Around four German University in Cairo (GUC) students were injured allegedly by the university's security guards on the day of a long-awaited referendum on student union bylaws.
"We announced that we're holding a referendum on the student union bylaws on 22 and 23 September, which will give us more independence and less interference from the university in decision-making," said a management student at GUC who requested to remain anonymous.
The management student told Ahram Online that students brought glass ballot boxes in an attempt to have a transparent and professional referendum, but security guards refused to allow them on campus.
"We had to drop the boxes over the fence. A security guard caught one and threw it at a student," he recalled.
The student, who abstained from revealing his identity for fear of creating "further problems," was himself injured, allegedly by the university's head of security, Mohamed Abou El-Enein.
"I put the box that I was holding down, only to find him punching me. He also hit another girl who was trying to help us with the boxes. She fell on the floor and was injured, as well."
"They could have easily told us why the boxes were not permissible and we could have found an alternative instead of beating us," he argued.
The students, however, who are keen to go on with their longed-for referendum, managed to calm the situation and the voting process is currently taking place with hundreds of students reportedly participating.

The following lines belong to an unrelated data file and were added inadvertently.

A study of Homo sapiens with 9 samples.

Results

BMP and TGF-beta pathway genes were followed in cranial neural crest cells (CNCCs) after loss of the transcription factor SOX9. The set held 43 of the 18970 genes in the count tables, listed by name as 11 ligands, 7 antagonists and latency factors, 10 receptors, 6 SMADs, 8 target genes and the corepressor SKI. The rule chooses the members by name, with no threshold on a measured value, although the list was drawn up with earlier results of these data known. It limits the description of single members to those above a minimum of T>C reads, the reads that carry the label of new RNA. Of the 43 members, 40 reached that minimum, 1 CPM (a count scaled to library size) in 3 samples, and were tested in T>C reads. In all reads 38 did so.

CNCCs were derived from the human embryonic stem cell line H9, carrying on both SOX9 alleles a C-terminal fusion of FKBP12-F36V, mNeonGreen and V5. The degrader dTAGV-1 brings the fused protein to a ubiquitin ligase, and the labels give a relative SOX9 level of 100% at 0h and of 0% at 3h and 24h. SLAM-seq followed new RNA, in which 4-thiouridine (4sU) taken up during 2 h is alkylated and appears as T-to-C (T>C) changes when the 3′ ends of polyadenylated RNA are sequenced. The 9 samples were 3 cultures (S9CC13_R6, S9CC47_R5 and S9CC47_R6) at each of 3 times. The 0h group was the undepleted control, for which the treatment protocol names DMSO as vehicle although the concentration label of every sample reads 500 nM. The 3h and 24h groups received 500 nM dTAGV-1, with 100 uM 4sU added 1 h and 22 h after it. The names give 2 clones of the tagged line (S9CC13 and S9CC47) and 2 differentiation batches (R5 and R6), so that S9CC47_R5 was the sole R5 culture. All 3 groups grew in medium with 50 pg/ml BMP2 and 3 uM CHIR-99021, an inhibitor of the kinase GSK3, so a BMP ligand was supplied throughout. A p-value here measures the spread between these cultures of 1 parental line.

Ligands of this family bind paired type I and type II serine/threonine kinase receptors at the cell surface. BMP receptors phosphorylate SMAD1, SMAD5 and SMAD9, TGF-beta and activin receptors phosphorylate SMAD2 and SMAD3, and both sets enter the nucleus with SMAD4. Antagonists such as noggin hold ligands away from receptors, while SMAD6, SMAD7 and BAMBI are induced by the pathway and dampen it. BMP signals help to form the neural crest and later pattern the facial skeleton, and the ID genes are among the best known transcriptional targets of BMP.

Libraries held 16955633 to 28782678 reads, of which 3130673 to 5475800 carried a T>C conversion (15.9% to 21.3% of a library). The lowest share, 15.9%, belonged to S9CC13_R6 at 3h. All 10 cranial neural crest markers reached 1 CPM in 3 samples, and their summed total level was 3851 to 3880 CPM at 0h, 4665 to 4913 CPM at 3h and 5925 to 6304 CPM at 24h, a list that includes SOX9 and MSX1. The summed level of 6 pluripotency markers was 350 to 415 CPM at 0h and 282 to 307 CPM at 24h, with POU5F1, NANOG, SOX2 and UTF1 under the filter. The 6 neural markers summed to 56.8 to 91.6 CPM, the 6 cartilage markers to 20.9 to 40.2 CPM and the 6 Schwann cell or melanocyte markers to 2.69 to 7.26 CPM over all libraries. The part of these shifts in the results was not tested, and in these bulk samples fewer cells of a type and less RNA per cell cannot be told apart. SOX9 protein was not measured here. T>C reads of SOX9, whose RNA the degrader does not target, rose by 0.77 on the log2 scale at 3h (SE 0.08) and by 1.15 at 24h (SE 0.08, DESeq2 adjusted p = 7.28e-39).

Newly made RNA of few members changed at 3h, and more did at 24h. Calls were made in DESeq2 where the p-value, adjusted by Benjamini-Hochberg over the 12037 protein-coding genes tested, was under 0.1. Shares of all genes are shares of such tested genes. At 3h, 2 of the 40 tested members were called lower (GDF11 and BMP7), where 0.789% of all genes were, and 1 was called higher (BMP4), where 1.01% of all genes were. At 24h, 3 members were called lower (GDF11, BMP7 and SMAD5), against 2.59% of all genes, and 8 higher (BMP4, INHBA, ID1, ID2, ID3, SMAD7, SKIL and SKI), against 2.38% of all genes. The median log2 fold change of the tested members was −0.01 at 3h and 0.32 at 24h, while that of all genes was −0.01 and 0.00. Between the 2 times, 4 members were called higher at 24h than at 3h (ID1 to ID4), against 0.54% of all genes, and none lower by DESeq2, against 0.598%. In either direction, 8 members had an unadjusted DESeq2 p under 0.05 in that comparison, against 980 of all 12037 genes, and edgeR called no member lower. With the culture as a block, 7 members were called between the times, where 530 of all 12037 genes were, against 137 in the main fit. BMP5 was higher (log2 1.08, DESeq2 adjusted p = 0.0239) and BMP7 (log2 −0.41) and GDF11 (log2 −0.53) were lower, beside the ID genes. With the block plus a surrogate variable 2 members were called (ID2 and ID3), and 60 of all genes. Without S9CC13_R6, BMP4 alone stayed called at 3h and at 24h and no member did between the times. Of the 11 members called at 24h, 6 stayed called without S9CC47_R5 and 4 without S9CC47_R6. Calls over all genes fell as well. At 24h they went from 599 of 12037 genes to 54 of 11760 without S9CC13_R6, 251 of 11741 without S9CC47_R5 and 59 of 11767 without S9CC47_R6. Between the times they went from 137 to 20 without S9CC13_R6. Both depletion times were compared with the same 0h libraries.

GUC students have been battling their university's administration for almost a year and a half, just after Hosni Mubarak's ouster in February 2011, with students seeking an independent Student Union (SU). In March of that year they succeeded in establishing the first student union in the history of the eight-year-old university.
"The SU's bylaws were established by the university. It was almost a copy-and-paste of the bylaws used at public universities, with additions by our administration," complained Hassan Othman former vice president of GUC' student union.
Othman, however, adds that the bylaws were complicated and they petitioned the university to change it, "and they welcomed the idea."
"After working on a proposal for the new bylaws and deciding to put up for referendum, the university then backtracked. The administration dissolved the SU and sent an email to the GUC community claiming that we – the SU – are threatening to attack the university's security," added Othman.
The debate over the bylaws flared up again after two students were expelled following an on-campus protest that condemned the death of an ultras Ahly member in the Port Said stadium attack on fans that left around 74 dead, including GUC student, Karim Khozam.
During the 20-day sit-in that followed the student's expulsion, the administration simply ignored the students' demand for new bylaws.
The GUC students are not alone in their post-revolution struggles.
Security forces raided a peaceful student sit-in at the Nile University last week. The students are in danger of losing their campus to renowned chemist Ahmed Zwail, to whom the government gave the land to create Zwail City for Science and Technology.
On Thursday, students at one of Cairo's most established campuses, the American University in Cairo, escalated their protest against the raise in tuition fees by closing the university gates.